Your Majesty, Your Royal Highnesses, Ladies and Gentlemen.
The Physics Nobel Prize for the year 1925 has been awarded to Professor James Franck and Professor Gustav Hertz for their discovery of the laws governing the impact of an electron upon an atom.
The newest and most flourishing branch of the great tree of physical research is atomic physics. When Niels Bohr founded this new science in 1913, the material at his disposal consisted of data concerning the radiation of glowing bodies, which had been accumulated over several decades. One of the earliest findings in the field of spectroscopy was that the light emitted by a glowing gas when observed through a spectroscope, splits up into a large number of different lines, called spectral lines. The fact that simple relationships exist between the wavelengths of these spectral lines, was first discovered by Balmer in 1885 for the hydrogen spectrum, and demonstrated later by Rydberg for a large number of elements. Two questions relating to theoretical physics arose as a result of these discoveries: How is it possible for a single element to produce a large number of different spectral lines? And what is the fundamental reason behind the relationships that exist between the wavelengths of the spectral lines of a single element? A large number of attempts were made to answer these two questions, on the basis of the physics which we are now accustomed to call classical physics. All were in vain. It was only through a radical break with classical physics that Bohr was able to resolve the spectroscopic puzzles in 1913. Bohr’s basic hypotheses can be formulated as follows:
Each atom can exist in an unlimited number of different states, the so called stationary states. Each of these stationary states is characterized by a given energy level. The difference between two such energy levels, divided by Planck’s constant h, is the oscillation frequency of a spectral line that can be emitted by the atom. In addition to these basic hypotheses, Bohr also put forward a number of specific hypotheses, with the aid of which it was possible to calculate the spectral lines of the hydrogen atom and the helium ion. The extraordinarily good agreement with experience obtained in this way, explains why after 1913 almost a whole generation of theoretical and experimental physicists devoted itself to atomic physics and its application in spectroscopy.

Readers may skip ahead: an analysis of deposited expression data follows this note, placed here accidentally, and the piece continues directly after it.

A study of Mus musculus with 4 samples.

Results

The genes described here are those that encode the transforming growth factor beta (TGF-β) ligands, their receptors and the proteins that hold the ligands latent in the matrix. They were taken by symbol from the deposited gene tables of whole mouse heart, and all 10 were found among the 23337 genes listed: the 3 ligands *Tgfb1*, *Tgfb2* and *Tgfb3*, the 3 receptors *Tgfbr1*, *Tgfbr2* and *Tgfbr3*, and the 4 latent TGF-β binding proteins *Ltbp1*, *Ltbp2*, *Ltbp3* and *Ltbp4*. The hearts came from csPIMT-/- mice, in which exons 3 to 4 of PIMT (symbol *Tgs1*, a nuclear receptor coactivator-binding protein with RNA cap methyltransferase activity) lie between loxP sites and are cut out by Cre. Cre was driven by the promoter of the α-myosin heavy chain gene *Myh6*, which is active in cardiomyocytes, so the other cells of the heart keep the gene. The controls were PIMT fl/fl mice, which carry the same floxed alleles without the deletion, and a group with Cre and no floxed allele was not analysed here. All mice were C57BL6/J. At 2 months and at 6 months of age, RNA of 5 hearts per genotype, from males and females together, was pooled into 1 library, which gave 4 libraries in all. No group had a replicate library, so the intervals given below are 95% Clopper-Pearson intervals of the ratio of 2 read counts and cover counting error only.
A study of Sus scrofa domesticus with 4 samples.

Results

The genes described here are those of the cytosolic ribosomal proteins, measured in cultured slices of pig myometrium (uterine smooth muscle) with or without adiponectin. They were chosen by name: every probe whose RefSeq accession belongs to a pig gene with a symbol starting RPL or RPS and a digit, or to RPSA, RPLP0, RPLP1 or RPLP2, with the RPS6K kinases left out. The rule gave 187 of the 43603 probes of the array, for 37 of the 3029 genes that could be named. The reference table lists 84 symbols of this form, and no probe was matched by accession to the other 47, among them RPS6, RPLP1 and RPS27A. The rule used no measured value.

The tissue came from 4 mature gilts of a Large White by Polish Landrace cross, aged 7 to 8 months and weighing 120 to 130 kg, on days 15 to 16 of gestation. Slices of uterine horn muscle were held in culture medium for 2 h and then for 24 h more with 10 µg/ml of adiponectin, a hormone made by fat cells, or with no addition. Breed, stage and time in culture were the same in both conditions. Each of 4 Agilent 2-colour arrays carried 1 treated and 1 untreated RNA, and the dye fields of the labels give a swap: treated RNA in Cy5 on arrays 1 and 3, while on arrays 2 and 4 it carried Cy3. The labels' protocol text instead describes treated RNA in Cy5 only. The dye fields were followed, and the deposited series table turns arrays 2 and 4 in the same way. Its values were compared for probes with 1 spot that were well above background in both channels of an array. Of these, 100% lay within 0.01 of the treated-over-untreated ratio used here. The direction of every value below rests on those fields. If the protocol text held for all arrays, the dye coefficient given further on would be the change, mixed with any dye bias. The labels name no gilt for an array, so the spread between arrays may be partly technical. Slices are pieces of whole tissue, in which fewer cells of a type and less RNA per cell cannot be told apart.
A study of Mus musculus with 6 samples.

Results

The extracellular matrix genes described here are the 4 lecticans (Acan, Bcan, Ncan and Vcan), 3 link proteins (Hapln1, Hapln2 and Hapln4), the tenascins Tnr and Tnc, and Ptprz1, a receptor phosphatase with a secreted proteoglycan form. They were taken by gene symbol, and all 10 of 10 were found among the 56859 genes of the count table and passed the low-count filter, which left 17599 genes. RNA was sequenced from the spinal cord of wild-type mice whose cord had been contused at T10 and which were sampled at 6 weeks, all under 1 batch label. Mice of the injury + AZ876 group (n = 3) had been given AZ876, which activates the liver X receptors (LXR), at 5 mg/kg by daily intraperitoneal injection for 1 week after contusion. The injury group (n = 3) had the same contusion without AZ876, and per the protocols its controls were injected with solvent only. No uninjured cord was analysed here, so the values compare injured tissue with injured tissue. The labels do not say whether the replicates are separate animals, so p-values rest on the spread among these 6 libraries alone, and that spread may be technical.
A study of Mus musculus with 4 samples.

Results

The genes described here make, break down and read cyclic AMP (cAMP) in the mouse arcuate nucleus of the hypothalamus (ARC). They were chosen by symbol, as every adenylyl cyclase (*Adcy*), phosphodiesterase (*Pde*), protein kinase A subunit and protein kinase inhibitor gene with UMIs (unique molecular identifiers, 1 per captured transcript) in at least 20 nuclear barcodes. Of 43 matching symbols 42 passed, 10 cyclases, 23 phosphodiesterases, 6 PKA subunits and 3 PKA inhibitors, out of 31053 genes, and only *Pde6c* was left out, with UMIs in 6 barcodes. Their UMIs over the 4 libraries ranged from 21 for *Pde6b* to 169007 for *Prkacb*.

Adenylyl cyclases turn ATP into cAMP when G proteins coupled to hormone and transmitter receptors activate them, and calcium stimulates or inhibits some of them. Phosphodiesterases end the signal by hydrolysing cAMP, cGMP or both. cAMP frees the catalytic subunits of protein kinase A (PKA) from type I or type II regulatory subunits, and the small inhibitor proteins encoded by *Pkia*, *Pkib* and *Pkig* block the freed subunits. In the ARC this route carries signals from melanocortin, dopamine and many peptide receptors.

Bohr’s more specific assumptions have had the same fate as that which sooner or later overtakes most physical hypotheses: science outgrew them. They have become too narrow in relation to all the facts which we now know. For a year now attempts have been made to solve the puzzle of the atom in other ways. But the new theory which is now in process of being established, is yet not a completely new theory. On the contrary, it can be termed a further development of Bohr’s theory, because among other things in it Bohr’s basic assumptions remain completely unchanged. In this overthrowing of old ideas, when all that has been gained in the field of atomic physics seemed to be at stake, there is nobody who would have thought it advisable to proceed from the assumption that the atom can exist in different states, each of which is characterized by a given energy level, and that these energy levels govern the spectral lines emitted by the atoms in the way described. The fact that Bohr’s hypotheses of 1913 have succeeded in establishing this, is because they are no longer mere hypotheses but experimentally proved facts. The methods of verifying these hypotheses are the work of James Franck and Gustav Hertz, for which they have been awarded the Physics Nobel Prize for 1925.
Franck and Hertz have opened up a new chapter in physics, viz., the theory of collisions of electrons on the one hand, and of atoms, ions, molecules or groups of molecules on the other. This should not be interpreted as meaning that Franck and Hertz were the first to ask what happens when an electron collides with an atom or a molecule, or that they were the originators of the general method which paved the way for their discoveries and which consists of the study of the passage of a stream of electrons through a gas. The pioneer in this field is Lenard. But Franck and Hertz have developed and refined Lenard’s method so that it has become a tool for studying the structure of atoms, ions, molecules and groups of molecules. By means of this method and not least through the work of Franck and Hertz themselves, a great deal of material has been obtained concerning collisions between electrons and matter of different types. Although this material is important, even more important at the present time is the general finding that Bohr’s hypotheses concerning the different states of the atom and the connexion between these states and radiation, have been shown to agree completely with reality.
Professor Franck. Professor Hertz. Through clear thinking and painstaking experimental work in a field which is continuously being flooded by different hypotheses, you have provided a firm footing for future research. In gratitude for your work and with sincere good wishes I request you to receive the Physics Nobel Prize for 1925 from the hands of our King.